Japan Backs Health Assistance for Crisis-Affected Populations in DR Congo
Democratic Republic of the Congo - The Government of Japan has provided additional funding to IOM’s Migrant Health Assistance for Crisis-Affected Populations project, which seeks to strengthen and improve the Democratic Republic of the Congo (DRC) government’s capacity to prevent, detect and respond to diseases outbreaks and other public health occurrences along the country’s border with Angola.
The USD 525,000 supplementary grant builds on and reinforces Japan’s earlier emergency funding in support of IOM’s response to last year’s yellow fever outbreak that started in Angola and spread to the DRC. According to the World Health Organization, the DRC has reported 2,987 suspected cases, 81 laboratory confirmed cases and 16 deaths since the start of the outbreak in December 2015.
This new funding will allow IOM to expand its work with the DRC’s National Programme of Hygiene at Borders (PNHF), roll out a mobility health mapping at the provincial level and boost public health capacities in higher risk areas. This will ultimately allow the PNHF and other state institutions to better prevent, or prepare and coordinate responses to future epidemics and other public health risks.
‘‘This funding is crucial as it allows IOM to continue its support to our government partners to help them better coordinate and address public health emergencies from the angle of migration and human mobility, with an emphasis on early detection and response,” said Jean-Philippe Chauzy, IOM Chief of Mission in the DRC.
“With an estimated 100,000 people crossing the long and porous border between Angola and the DRC every month to trade in crowded border area marketplaces, the need for better disease prevention, detection and response is paramount,” he added.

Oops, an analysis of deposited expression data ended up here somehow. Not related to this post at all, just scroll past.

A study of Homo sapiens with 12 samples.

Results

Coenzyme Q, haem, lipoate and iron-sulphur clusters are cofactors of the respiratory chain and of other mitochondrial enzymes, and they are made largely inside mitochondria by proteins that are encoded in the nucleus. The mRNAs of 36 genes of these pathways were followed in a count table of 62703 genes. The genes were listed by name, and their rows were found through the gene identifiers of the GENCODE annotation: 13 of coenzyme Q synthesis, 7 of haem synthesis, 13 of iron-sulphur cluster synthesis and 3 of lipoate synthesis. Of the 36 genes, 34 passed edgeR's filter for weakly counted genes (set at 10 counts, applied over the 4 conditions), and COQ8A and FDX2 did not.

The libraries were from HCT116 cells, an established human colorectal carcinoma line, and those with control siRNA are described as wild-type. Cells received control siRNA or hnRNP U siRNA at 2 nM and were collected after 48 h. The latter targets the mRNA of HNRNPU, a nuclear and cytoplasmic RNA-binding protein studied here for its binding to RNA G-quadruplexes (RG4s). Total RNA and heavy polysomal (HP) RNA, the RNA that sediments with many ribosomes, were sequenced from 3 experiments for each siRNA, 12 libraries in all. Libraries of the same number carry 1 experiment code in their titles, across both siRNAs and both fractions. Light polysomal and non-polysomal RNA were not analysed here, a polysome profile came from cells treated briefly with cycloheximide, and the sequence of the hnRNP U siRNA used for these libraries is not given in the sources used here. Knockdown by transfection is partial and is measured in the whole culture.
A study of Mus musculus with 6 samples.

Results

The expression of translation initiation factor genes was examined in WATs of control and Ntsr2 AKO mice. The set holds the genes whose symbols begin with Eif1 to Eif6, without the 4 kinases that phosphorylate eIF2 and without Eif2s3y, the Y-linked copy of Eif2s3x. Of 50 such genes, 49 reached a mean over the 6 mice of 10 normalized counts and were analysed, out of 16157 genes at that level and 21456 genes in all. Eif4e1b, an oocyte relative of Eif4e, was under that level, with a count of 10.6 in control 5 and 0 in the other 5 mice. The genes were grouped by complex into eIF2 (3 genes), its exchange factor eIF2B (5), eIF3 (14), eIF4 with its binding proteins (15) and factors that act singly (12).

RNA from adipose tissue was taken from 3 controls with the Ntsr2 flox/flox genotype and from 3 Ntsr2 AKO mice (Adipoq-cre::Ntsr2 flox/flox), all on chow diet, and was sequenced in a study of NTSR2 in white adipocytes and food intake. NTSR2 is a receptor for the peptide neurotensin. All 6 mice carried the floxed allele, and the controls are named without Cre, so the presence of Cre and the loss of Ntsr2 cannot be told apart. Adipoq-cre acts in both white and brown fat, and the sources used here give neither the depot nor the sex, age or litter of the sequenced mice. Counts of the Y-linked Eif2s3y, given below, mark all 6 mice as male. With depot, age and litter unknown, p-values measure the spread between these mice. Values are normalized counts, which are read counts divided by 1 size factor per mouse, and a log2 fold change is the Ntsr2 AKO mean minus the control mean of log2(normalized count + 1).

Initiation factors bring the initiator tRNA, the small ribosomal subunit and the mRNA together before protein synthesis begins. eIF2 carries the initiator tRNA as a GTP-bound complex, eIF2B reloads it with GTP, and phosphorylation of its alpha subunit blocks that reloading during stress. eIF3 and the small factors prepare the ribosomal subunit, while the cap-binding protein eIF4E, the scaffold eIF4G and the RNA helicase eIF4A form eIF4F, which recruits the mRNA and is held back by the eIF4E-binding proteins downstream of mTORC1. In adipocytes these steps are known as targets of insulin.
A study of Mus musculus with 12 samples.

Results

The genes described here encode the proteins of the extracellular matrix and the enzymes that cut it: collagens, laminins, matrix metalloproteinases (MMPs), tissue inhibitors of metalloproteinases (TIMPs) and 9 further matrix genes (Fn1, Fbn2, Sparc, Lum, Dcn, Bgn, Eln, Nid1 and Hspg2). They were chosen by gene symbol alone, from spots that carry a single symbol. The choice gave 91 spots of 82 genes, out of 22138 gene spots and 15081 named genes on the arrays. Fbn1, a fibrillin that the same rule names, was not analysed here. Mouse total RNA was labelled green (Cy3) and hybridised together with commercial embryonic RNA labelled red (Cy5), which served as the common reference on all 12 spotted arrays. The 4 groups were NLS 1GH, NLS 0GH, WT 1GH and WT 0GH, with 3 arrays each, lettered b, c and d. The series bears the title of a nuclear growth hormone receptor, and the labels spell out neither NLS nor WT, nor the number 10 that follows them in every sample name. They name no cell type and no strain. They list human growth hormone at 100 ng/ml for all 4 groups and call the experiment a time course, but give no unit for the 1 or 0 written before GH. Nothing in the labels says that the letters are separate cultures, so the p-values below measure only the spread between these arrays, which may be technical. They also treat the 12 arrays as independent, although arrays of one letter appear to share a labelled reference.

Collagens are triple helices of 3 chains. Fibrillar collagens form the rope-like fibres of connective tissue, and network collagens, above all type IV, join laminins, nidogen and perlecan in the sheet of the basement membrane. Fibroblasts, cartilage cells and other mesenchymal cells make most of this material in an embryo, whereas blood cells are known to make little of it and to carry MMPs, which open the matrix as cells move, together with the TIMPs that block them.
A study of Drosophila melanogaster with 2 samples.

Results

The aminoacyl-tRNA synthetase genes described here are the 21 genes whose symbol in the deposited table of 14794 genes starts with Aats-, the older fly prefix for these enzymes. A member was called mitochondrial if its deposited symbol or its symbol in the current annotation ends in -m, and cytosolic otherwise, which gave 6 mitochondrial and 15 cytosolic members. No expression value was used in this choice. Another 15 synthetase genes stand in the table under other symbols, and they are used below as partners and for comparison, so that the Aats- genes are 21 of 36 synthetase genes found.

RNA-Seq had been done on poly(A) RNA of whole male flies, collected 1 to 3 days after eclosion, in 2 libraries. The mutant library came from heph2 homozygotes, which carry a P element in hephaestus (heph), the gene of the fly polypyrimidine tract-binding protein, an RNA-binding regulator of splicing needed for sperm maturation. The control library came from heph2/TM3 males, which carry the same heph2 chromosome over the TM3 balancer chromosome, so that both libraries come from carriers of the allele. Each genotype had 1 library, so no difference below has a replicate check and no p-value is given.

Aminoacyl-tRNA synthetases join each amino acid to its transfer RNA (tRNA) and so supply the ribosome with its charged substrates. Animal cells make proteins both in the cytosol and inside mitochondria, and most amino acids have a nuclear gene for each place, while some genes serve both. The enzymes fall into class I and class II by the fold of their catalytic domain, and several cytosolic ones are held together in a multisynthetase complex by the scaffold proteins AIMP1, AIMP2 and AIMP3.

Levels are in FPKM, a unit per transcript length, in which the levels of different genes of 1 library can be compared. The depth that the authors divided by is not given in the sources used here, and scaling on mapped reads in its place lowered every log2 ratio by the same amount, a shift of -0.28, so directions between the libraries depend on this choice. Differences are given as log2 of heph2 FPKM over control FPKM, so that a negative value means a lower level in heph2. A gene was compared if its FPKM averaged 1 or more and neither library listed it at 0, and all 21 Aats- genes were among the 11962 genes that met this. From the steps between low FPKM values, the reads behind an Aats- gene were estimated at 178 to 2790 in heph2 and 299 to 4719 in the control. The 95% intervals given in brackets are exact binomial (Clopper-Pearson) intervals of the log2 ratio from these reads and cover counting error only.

As part of the project, awareness raising activities will be carried out using radio, TV and other mass media tools.
The Government of Japan’s emergency funding in 2016 allowed IOM to train and equip 135 border health officials in Integrated Disease Surveillance and Response (IDSR) and yellow fever response best practices.
IOM’s migration health activities in the DRC are carried out in partnership with the Ministry of Health. They aim to provide equitable access to health-care services and psychosocial support for migrants, mobile populations, internally displaced persons and other vulnerable persons, including victims of sexual and gender-based violence.
The Democratic Republic of the Congo is a high disease burden country - HIV, tuberculosis, malaria and other communicable diseases are especially prevalent. IOM intends to engage with the Ministry of Health’s national programmes on HIV, tuberculosis and malaria to ensure that migrant-inclusive policies and health services are included in their respective national strategies and action plans.